Malcolm gets second shot as MN health chief

Jan Malcolm spoke to reporters at the state Capitol on Tuesday, Jan. 30 about her second stint as Minnesota health commissioner. Tim Pugmire | MPR News

Gov. Mark Dayton has appointed Jan Malcolm as the new commissioner of the Minnesota Department of Health.

Malcolm previously held the position from 1999 to 2003 under then-Gov. Jesse Ventura. She is currently an adjunct faculty member at the University of Minnesota School of Public Health.

Malcolm takes over a state agency working to overcome significant failures in its system for investigating elder abuse complaints. During a state Capitol news conference Tuesday, Malcolm said her priority and the governor’s is to fix the broken system.

“I’ve got a lot to learn about the details of how we got here and what we’re doing. That will be job one, just really talking with all of the stakeholders and getting their perspectives and enlisting their help in working to build a stronger system.”

Malcolm replaces Dr. Ed Ehlinger, who resigned as health commissioner last month following a series of news reports that highlighted the department’s mishandling of elder abuse cases.

Dayton said he’ll let Malcolm decide whether further staff changes are needed.

The department is already working to reduce its massive backlog of elder abuse complaints, and a panel that Dayton formed last month came out with a list of recommendations this week for improving the system. The panel wants better oversight of facilities, tougher criminal sanctions against abusers and greater access to investigations for victims and their families.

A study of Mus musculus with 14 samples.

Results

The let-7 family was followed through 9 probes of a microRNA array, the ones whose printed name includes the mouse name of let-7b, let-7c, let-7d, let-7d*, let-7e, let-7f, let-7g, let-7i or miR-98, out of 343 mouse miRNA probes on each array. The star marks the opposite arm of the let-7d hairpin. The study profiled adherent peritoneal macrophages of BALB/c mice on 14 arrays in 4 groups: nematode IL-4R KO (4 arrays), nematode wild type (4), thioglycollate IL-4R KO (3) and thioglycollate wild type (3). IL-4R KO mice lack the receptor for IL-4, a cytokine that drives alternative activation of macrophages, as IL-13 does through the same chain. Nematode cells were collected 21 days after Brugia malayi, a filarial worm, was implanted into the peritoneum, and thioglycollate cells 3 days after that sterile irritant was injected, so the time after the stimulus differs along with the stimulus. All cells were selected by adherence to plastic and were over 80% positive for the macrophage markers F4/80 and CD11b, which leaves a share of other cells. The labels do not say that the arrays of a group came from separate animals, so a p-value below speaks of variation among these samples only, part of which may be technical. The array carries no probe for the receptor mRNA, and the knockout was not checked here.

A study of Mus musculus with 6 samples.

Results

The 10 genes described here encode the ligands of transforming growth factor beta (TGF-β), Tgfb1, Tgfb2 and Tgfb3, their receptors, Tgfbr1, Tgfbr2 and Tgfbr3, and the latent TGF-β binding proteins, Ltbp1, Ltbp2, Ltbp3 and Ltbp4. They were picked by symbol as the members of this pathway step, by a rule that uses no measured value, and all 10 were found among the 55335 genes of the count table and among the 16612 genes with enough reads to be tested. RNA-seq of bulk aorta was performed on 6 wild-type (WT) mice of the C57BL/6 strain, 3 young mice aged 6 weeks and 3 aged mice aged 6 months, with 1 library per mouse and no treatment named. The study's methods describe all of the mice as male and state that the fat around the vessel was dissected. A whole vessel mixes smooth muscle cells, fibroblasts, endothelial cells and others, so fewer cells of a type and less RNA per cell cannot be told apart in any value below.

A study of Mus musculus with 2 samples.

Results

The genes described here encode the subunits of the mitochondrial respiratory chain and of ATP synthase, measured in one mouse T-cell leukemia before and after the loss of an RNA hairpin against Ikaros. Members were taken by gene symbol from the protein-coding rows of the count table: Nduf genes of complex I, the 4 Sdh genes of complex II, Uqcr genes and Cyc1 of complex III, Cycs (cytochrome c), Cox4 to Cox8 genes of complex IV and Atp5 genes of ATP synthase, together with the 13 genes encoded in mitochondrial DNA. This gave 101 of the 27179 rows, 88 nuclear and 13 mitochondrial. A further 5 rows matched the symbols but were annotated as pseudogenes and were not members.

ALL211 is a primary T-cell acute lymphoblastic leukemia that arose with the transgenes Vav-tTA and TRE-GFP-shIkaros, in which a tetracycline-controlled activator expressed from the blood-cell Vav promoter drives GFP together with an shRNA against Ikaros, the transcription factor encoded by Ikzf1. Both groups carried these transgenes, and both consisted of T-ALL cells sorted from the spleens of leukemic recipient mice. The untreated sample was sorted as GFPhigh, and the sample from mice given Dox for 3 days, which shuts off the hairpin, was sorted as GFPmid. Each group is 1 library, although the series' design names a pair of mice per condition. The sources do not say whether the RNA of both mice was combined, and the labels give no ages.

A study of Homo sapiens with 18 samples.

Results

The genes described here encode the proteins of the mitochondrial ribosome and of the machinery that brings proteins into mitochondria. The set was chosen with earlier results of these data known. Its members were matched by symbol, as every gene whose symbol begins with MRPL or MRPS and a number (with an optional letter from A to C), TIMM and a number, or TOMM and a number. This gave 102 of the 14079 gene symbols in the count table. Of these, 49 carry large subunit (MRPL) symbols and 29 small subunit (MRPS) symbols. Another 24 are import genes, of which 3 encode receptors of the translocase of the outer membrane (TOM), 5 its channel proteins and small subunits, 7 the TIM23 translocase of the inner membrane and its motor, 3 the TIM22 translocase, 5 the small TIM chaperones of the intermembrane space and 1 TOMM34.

Dayton again stressed that elder care facilities must be part of the solution.

“The responsibility first and foremost begins with those facilities and the care they’re providing,” Dayton said. “It will be very important that the Legislature focuses on that aspect as well as what we need to do to improve the oversight at the department of health.”

  • Private City Zen

    No, they do not need more oversight. They already have enough oversight in place. The problem is they don’t have enough qualified individuals working in these facilities. They need to pay qualified and compassionate healthcare professionals to work with seniors, and have a full staff in which there are two workers per resident. Furthermore, there needs to be enough healthcare professionals to where if someone calls in sick, the worker is not there for 24 to 36 hours. Abuse happens due to neglect and neglect happens due to short staffing. This is a national problem and Minnesota can set the standard of appropriate and professional healthcare.